By Jon Jordan, NEWS 9

OKLAHOMA CITY - A former governor of Oklahoma shared his stories of hope at the Oklahoma City National Memorial as part of a series commemorating a day that forever changed Oklahoma.

As former Governor Frank Keating and his wife walked the Oklahoma City National Memorial, Keating said he remembered watching some of the first pictures on April 19, 1995. He said at that point, he knew instantly life for Oklahomans would never be the same.

"The way it was destroyed that wasn't an explosion, someone blew it up. My reaction was this is a terrorist event. There was going to be a lot of casualties," Keating said. "It was a family attack. It was a family tragedy."

Keating and his wife spoke about their memories as part of a summer series at the National Memorial called "Stories of Hope." Victims' family members were present like Angela Richardson whose mom Norma Jean Johnson was working on the third floor when the bomb exploded.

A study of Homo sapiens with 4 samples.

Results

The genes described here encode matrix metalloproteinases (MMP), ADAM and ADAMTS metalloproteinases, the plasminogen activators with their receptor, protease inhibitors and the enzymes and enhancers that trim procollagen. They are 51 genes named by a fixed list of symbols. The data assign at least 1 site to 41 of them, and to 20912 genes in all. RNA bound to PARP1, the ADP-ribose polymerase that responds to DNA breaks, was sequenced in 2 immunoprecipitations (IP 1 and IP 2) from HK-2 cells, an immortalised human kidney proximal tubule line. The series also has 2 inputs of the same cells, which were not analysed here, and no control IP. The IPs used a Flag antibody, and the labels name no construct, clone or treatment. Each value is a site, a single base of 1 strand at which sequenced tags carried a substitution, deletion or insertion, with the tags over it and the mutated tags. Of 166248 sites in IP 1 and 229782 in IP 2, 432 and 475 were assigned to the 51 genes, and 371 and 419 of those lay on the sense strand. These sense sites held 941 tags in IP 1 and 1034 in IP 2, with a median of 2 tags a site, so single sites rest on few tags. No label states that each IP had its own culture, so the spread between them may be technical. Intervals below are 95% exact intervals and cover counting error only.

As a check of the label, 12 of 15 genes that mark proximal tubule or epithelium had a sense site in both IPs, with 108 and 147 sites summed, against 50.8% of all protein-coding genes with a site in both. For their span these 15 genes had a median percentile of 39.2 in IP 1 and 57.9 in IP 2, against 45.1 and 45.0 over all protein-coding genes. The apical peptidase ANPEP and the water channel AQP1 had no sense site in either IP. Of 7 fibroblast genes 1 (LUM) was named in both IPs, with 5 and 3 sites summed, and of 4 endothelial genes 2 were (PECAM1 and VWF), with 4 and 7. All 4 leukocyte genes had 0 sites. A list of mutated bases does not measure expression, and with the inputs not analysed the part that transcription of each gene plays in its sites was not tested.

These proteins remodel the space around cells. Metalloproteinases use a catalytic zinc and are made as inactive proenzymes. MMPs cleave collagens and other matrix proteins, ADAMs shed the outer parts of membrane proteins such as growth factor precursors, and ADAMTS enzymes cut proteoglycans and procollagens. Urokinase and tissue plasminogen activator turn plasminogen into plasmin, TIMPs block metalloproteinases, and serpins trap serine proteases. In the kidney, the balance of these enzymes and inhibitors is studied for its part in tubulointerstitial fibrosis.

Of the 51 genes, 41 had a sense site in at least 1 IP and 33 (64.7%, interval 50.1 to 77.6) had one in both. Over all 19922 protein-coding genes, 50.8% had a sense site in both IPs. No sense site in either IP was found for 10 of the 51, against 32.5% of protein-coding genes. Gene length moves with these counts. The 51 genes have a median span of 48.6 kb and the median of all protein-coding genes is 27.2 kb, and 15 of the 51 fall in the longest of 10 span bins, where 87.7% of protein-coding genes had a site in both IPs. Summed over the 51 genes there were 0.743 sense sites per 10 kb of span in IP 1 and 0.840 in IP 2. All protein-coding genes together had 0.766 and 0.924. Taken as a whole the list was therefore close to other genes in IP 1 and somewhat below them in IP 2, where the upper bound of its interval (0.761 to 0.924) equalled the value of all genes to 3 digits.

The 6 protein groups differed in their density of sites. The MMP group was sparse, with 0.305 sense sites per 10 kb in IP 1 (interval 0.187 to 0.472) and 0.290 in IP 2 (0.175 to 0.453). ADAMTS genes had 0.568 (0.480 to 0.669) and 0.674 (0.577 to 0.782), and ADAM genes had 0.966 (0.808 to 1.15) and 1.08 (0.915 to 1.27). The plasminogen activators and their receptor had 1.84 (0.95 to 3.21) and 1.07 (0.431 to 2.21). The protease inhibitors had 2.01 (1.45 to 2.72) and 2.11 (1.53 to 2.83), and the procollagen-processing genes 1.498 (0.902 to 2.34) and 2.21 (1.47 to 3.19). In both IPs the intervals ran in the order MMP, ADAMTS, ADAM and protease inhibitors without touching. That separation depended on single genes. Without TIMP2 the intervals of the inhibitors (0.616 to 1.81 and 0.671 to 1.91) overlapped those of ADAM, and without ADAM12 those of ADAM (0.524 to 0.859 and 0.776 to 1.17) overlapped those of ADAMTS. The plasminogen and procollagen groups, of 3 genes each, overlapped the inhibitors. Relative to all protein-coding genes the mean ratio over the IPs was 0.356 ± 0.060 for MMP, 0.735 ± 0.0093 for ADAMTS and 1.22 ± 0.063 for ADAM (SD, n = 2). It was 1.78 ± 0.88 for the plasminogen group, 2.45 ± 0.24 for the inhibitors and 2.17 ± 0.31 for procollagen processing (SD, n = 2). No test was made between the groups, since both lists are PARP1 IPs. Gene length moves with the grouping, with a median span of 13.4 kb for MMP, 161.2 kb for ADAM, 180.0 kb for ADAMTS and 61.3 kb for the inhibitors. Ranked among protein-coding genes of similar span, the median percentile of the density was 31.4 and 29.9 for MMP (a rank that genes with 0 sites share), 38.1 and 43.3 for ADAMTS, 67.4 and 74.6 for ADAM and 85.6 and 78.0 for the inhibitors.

"Whenever I saw that governor Keating was going to be here it was important to be able to come and see him," Richardson said.

She said seeing the governor speak at the National Memorial was important because his actions and leadership are what helped get her through her most trying time.

Governor Keating said it was easy for him to relate to the victims because he knew many of those killed. Some of the victims had even worked for him, people he said he won't ever forget.

"I will always love the people who participated in this agony with me, with us to my dying day," Keating said.

The Governor said it can be emotional when he visits the memorial, but he looks around and sees what has been accomplished and that he said is what offers comfort.